October 27, 2016 | Rome, Italy | Mist 20°C

Roaring Rome

Rome's Jerry Thomas Project is part of a flourishing speakeasy scene.
By Eleonora Baldwin
Published: 2016-10-07

orget the dreaded apericena, the "drinks-and-dinner" contraction of aperitivo and cena, Rome's newest drinking trend is Roaring Twenties inspired mixology. Thanks to the ambitions of handful of wildly inventive bartenders and businessmen, hard alcohol-shy Rome has developed a thriving speakeasy culture that in less than a decade has seen it pull even with if not outdo plenty of cities better known for their bar scenes than their antiquities.

Drinking in Italy has always had more to do with the pleasures of socializing than showing off how many high-octane shots you can down in five minutes. That, along with working hours that run well past 5 p.m., helps explain why Happy Hour never took off here. Instead, aperitivo culture usually begins about 6 p.m. and normally lasts until dinnertime, which is hardly ever before 8.30 p.m. (and later in summer). Now, the cocktail boom has extended that time frame well into the night so long as you know the password.

Want to take a jaunt into the long-gone world of outlawed alcohol and tiny flapper dresses? Good. Here are my favorite Rome speakeasies. I've provided contact details and Facebook pages whenever possible but your best bet is to do your own homework and call ahead.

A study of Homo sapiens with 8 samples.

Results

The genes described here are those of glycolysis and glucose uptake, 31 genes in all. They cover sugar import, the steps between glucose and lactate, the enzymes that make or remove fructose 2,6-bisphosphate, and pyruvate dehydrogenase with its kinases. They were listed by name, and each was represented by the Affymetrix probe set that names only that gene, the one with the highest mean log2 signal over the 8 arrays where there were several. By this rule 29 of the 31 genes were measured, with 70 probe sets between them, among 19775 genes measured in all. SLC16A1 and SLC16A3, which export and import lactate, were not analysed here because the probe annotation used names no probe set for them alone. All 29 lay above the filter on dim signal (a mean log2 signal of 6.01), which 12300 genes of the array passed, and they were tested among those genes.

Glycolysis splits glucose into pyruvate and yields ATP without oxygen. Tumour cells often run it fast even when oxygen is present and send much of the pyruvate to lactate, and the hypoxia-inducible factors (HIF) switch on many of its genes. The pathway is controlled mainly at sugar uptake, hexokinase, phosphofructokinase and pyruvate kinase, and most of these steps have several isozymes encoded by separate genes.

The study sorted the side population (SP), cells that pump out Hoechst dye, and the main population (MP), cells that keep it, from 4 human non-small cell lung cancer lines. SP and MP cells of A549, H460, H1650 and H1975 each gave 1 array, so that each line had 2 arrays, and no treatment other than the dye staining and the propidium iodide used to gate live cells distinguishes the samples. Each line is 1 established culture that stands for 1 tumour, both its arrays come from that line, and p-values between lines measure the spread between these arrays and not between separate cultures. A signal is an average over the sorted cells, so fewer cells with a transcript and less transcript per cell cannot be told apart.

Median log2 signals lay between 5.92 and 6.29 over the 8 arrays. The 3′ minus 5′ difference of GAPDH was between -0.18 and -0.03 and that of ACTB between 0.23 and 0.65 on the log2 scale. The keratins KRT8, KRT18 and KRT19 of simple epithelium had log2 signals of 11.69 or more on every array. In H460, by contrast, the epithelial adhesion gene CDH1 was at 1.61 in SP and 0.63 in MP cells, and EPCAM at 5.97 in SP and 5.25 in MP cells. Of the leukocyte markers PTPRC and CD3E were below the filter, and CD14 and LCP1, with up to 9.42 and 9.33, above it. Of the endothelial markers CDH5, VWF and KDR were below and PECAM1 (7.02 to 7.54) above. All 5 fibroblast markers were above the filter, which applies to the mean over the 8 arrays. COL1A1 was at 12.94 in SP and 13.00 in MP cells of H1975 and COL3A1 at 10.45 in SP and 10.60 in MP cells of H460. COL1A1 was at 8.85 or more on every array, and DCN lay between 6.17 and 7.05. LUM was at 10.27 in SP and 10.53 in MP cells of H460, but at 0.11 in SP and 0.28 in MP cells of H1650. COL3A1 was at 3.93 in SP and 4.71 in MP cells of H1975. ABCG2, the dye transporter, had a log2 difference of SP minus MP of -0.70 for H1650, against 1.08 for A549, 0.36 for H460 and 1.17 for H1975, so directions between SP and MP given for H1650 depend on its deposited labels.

The Jerry Thomas Project This Prohibition-era styled joint was the first to serve world-class cocktails, basically kick-starting the speakeasy movement in 2009. The brainchild of bartending pros Antonio Parlapiano, Roberto Artusio and Leonardo Leuci, JTP is named after legendary bartender Jerry Thomas, whose 1862 book "How to Mix Drinks - The Bon Vivant's Companion" is a bartending bible.

Giorgia Crea at work at Co.So.

Membership is required and phone reservations are mandatory (accepted only between 2 and 6 p.m.) Patrons who appear in front of the tiny door are asked for a password (the answer to a weekly drink-related question hidden on the website.)

Once inside, enjoy the homemade gin and vermouth in skillfully crafted cocktails. The rules are strict: smoking in moderation, no cash payments, no talking about politics or religion, no sleeping on tables and no vodka. If you want a bottle of vermouth you can get it at the recently opened JTP Emporium. Open 10 p.m.-4 a.m. Closed Sunday and Monday | The Jerry Thomas Project Vicolo Cellini, 30. Tel. +39.06.96845937/+39.370.114.6287.

Co.So. In 2013, Massimo D'Addezio, Valerio Albrizio and barlady Giorgia Crea left the Hotel De Russie's Stravinsky Bar after more than a decade to open this high-end cocktail bar in the lively Pigneto neighborhood. It was a game-changer for Pigneto, whose bars were largely substandard.

Inventive doesn't begin to cover what's in store. Co.So's Carbonara Sour is made with guanciale-infused vodka, egg white, black pepper, lemon juice and syrup. It's sipped through a raw bucatino noodle instead of a straw. You can buy the furniture you sit on and there's even a private "shower room" accessed through the bathroom. Open 7 p.m.-3 a.m. Closed Sunday | Co.So. Cocktails & Social Via Braccio da Montone, 80. Tel. +39.06.4543.5428.


Food-lover Eleonora has two popular blogs, Aglio, Olio & Peperoncino and Roma Every Day.